There were a lot of good stories from the 2008 presidential election, including Hillary Clinton's serious run for the Democratic nomination, not to mention the election of the first African-American president. The whole story was covered in the bestselling — and controversial — book by John Heilemann and Mark Halperin, Game Change.
This spring, Les and Scott GrantSmith will mark their 25th wedding anniversary. The couple raised two daughters along the way. But 15 years ago, they hit a crisis that nearly shattered their family. Les was keeping a secret, and that became a problem. But they solved it as a family, in a way that kept them together and happy.
In the weeks leading up to that day back in 1997, Les was certain of two things: She was a mother who loved her daughters — and she was also transgender, the term for someone born in a body of the wrong sex.
The film Mosquita y Mari — the first narrative feature by a Chicana director to screen at the Sundance Film Festival — is both the singular vision of writer-director Aurora Guerrero and a crowdsourced production that could not have been made without multiple communities coming together.
In New Orleans, the 2012 Mardi Gras is just a memory. But for those who collect Mardi Gras memorabilia, the celebration lasts all year.
Some of those collectors will be at the Kenner Mardi Gras Museum on Thursday. It's about a half-hour drive from the French Quarter — not a convenient trip for many tourists, and declining attendance is one reason it closed after two decades. Now its collection will be auctioned.
Evangelical Christians from the U.S. are living and working at Jewish settlements in the West Bank for weeks at a time. The Christians see Jewish expansion in the area as fulfilling biblical prophecy, though the settlements are a contentious issue between Israelis and Palestinians. Here volunteers harvest grapes.
It's wet and windy day in Shilo, a Jewish settlement in the central part of the West Bank that has about 10,000 residents.
In addition to the settlers, there are a few extra people staying in Shilo on this day. They are Christian volunteers from the U.S. who have spent the morning pruning the grape vines. Now, with a winter storm beating down on the hills, the volunteers are stomping with their mud-splattered boots and North Face rain gear.
The agricultural port city of Stockton, Calif., has made national and international news in recent years — for all the wrong reasons. In a new record, the city recently marked its 56th homicide in one year. And the BBC recently reported that a greater proportion of Stockton residents face the loss of their homes to foreclosure or repossession than anywhere else in America. If that's not enough, it ranked No.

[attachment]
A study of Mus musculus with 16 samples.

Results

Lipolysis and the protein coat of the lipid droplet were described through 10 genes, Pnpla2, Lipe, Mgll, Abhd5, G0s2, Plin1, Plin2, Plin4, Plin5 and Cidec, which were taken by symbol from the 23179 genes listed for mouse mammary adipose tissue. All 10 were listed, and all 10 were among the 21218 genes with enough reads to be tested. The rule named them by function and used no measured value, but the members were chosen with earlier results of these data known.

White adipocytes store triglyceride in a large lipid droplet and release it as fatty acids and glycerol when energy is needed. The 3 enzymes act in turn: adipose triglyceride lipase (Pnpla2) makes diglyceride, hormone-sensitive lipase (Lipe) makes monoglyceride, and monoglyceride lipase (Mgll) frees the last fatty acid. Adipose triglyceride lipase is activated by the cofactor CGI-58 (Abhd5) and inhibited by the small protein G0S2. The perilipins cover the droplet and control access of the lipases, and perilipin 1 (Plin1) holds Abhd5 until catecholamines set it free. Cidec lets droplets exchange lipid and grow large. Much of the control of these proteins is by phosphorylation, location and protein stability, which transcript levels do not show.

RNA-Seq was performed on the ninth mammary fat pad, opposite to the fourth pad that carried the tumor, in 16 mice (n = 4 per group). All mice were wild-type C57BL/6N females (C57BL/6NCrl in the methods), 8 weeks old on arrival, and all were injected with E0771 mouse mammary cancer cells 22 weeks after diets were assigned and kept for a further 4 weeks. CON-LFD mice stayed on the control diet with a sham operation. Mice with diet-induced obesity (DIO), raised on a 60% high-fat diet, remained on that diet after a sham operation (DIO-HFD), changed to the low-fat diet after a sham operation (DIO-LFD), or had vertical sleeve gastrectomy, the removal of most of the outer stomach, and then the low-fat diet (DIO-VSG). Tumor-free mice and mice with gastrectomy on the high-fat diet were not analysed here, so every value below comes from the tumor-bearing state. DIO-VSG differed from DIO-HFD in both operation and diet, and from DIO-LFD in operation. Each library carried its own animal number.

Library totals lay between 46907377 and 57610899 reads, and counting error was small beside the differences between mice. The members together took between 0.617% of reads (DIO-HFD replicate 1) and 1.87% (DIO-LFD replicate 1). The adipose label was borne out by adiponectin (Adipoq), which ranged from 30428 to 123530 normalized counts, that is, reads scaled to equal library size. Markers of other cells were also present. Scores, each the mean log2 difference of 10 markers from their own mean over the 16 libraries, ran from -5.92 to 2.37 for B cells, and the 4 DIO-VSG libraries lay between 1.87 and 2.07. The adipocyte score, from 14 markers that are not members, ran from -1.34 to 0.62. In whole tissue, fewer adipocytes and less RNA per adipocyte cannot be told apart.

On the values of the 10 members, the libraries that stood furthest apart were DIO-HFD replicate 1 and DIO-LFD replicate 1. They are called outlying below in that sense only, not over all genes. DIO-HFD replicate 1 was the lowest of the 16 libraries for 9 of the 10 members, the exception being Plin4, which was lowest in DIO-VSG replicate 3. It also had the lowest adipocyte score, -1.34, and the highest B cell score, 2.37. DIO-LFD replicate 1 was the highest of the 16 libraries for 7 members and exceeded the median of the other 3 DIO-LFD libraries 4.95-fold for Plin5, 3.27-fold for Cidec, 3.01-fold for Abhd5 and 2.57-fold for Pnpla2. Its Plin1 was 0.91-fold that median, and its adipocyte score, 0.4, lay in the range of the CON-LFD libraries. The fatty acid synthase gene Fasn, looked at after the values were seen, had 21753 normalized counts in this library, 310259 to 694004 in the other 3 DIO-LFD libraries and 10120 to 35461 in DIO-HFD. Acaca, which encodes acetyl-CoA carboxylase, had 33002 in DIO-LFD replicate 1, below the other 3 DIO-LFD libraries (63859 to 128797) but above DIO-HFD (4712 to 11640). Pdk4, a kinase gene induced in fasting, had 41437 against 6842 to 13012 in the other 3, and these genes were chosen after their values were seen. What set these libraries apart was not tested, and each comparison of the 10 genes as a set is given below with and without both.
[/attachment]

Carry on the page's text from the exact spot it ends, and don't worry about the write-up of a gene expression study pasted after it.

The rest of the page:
Have you ever splurged on a highly rated bottle of Burgundy or pinot noir, only to wonder whether a $10 or $15 bottle of red would have been just as good? The answer may depend on your biology.
A new study by researchers at Penn State and Brock University in Canada finds that when it comes to appreciating the subtleties of wine, experts can taste things many of us can't. "What we found is that the fundamental taste ability of an expert is different," says John Hayes of Penn State.
Ever since The Rising in 2002 — and arguably since 1984's Born in the U.S.A. — Bruce Springsteen releases have functioned as State of the Union addresses as much as pop LPs. Wrecking Ball does, too, beginning with its Occupy-era lead single "We Take Care of Our Own," an anthemic bit of wishful thinking which, like "Born in the U.S.A.," seems easy to misinterpret by 180 degrees if you don't pay attention to the verses between the chorus.
Imagine, for a moment, that you're a publisher hearing a pitch about a children's book whose tangled plot braids together quantum physics, fractions and megaparsecs (a measure for distances in intergalactic space). The book also casually tosses out phrases in French, Italian, German and ancient Greek. Sound like the next kids' best-seller to you?
Zumba isn't just a fitness craze; it's an international business with more than 12 million enthusiasts in its classes. You can buy Zumba CDs, a Zumba video game and Zumba clothes. For many students — who show up in spandex to body-roll, fist-pump and booty-shake — it's their first taste of Latin music and dance steps. Now, some Latin dancers are trying to make more of a distinction between their art — and what happens in a Zumba class.
Two mysterious men pull up to the courthouse and head to the public records office. They're strangers, and they ask a lot of strange questions like, "I'd like to look at Mayor John Doe's property deeds." Or, "I want to see Congressman Smith's voting records."
Adele Jedynak makes monkey sounds to a group of kids who are steps away from playing Sock Monkey bowling and plush-primate parachuting. It's all part of the Sock Monkey Madness Festival, the eighth annual festival dedicated to the sock monkey in Rockford, Ill.
Every so often, pieces of heaven crash into Earth.
They can come from our own solar system, or millions of light years away. Few of us are lucky enough to get our hands on one of these space rocks. But for meteorite hunters and dealers such as Ruben Garcia, touching a piece of outer space is a daily routine.
The Best Hunting Grounds
One of Garcia's favorite spots to go meteorite hunting is an enormous dry lake bed in southern Arizona.